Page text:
Preaching his famous “corner our performance” response throughout, what’s proved almost as rare as Needham’s 73-game win streak is head coach Dave Powell acknowledging it – let alone opening up about it to reporters.
Yet, in the moments after the Rockets realized a third straight perfect season by beating Newton North in the Div. 1 state final at Worcester State, becoming just the third MIAA boys volleyball program to three-peat, he had much more to say in reflection of a challenging year.
The picture that opposing coaches painted in the preseason suggested that this season – of all three since the pandemic – presented the best chance for a different team to raise the championship trophy. They said the Div. 1 state tournament was wide open for the first time since 2019, and they weren’t wrong.
In turn, the target on Needham’s back was larger than ever. Constant updates of the growing historic mark served as a daily reminder of exactly what the Rockets tried not to focus on. Every set opposing teams won was met with a roar as if they had just won the state title – an energy Needham was tasked to match often.
Needham definitely wasn’t unbeatable. But the fact that nobody could, en route to a program-record 27 wins this year, makes this Rockets undefeated season arguably their most special accomplishment yet.
Powell, who surpassed 300 career wins this year, felt every bit of it.
“There were various waves during the season, but toward the end, it just felt like a mission,” he said. “It did cross my mind that this could be the state title match that potentially ends the streak. … I’d be lying if I said it wasn’t taxing. These kids showed up and they didn’t really make it feel like work. We didn’t have to stay on our seniors, they were locked in. We were just in it.”
The extension of the win streak was just the headliner of an extremely entertaining year that once again proved the value of the newer statewide tournament format.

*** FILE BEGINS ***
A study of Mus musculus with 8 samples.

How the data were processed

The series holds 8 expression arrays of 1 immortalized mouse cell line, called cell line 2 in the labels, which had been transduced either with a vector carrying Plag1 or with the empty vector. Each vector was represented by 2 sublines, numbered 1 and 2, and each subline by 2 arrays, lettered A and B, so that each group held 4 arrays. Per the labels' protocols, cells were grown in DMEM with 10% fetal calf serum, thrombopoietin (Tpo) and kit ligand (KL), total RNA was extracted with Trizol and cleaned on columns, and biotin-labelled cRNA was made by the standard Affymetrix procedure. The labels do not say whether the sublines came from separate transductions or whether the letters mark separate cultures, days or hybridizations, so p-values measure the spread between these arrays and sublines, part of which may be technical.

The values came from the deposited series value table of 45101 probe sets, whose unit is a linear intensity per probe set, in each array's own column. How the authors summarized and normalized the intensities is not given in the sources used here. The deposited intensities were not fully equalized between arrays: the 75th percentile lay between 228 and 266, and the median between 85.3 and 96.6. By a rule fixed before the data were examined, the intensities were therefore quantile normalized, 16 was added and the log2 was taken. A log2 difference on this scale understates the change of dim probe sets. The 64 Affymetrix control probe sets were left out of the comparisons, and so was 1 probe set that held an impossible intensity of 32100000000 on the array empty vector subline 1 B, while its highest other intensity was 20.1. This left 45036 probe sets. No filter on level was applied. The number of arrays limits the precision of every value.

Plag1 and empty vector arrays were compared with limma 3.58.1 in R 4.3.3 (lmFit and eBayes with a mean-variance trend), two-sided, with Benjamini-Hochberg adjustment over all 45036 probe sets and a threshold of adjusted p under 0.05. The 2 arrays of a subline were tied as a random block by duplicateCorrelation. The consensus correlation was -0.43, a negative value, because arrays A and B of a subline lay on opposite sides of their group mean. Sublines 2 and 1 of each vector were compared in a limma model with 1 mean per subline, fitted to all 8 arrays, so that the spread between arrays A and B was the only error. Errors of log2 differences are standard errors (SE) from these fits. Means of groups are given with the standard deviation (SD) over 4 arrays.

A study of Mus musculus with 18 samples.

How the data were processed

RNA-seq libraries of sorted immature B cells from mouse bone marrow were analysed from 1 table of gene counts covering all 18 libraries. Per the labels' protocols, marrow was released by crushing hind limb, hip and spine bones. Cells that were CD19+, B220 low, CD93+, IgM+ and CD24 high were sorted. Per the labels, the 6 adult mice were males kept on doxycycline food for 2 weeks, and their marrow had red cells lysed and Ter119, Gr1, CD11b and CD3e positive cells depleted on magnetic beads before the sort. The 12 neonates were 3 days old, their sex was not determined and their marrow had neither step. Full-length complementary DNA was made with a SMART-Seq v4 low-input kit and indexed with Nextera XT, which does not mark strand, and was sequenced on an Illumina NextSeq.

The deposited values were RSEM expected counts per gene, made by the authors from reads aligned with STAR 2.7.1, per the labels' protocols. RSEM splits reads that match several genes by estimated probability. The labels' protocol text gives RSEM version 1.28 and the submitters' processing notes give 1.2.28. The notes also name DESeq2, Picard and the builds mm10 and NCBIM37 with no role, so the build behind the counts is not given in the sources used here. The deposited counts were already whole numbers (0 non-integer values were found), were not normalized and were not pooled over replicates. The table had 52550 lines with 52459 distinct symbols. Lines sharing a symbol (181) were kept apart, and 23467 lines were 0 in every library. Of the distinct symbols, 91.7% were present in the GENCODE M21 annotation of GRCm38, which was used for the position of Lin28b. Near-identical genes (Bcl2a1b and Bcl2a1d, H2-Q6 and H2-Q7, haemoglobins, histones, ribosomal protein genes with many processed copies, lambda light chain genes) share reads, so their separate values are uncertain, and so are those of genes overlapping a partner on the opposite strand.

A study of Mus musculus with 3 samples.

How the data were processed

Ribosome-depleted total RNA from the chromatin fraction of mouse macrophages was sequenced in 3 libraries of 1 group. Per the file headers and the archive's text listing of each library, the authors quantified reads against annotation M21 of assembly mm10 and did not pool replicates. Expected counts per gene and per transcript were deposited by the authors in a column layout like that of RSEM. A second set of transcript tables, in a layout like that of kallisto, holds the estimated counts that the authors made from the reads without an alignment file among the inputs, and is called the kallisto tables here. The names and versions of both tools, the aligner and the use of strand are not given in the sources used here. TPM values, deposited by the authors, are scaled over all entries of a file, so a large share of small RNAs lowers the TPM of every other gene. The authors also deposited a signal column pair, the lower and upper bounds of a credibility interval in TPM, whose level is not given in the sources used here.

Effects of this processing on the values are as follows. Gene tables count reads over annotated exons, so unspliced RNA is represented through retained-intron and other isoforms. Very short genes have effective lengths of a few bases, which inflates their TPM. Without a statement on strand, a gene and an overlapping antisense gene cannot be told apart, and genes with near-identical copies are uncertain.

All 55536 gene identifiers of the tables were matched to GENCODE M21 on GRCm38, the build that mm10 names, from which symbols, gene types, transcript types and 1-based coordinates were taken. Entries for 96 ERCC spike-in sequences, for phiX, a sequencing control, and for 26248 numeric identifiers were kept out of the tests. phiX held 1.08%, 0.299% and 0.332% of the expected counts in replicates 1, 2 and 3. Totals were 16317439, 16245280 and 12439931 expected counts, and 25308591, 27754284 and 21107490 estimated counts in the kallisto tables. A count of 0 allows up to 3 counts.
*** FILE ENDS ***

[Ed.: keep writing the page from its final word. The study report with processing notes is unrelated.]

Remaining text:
In the old format, the two best teams in Div. 2 would have met in the Div. 1 West sectional final – which is the equivalent to the modern state quarterfinal. Instead, Agawam exorcised its postseason demons against Westfield in the sport’s first all-West state final – taking down the defending champs for the Brownies’ first state title since 2013.
The same goes for Div. 1, with three members of the Bay State State Conference reaching the Final Four after years of battling to get out of the Div. 1 South.
That included heated rivals Brookline and Newton North meeting for a five-set thriller in the semifinals. For the Tigers, much of that run was a team finally fulfilling its potential despite a string of debilitating injuries. The Warriors’ trip was much more surprising with three underclassmen starters, but was a strong reminder of that exact parity coaches preached in the preseason as the No. 11 seed.
Their path included taking down a Natick group that was expected to make a run at the state title before its early exit, and defeating feel-good story Acton-Boxboro in a strong season that suffered just two losses.
Much of the rest of the state showed plenty of that parity as well. Junior-laden Milford put forth another memorable trip to the Div. 2 state semifinals, and was the closest team to defeating Needham all year with a 13-11 lead in the fifth set. That still didn’t slow down Agawam in its quest for the decade-long struggle for another championship.
Lexington had one of its most dangerous rosters yet in Div. 1, even beating Winchester for the first sole rights to the newer Middlesex League. It couldn’t overcome Cambridge in the Falcons’ strongest season since last winning the state title in 2012.
North Quincy returned much of the cast that propelled it to last year’s Div. 2 state final and was a favorite to return back to the stage. O’Bryant beat it for the Tigers’ first trip to the state semifinals, in representation of a potentially strong Boston City League future.
St. John’s of Shrewsbury was the other team to reach its first state semifinal, topping Catholic Conference rival St. John’s Prep to get there in Div. 1. A breakout year for BC High added another thrill factor out of the conference.
Lowell shined brightest out of a mega-competitive Merrimack Valley Conference before running into Newton North in the tournament, while Methuen enjoyed its best season in over a decade. The junior-heavy conference should be even more exciting next year.
The sport continues to not just grow in quality, but quantity as well. Revere won the Greater Boston League in the program’s mere third year, which now has all eight schools rostering varsity teams. The Middlesex League expanded from four teams to six, and other new teams have continuously popped up every season.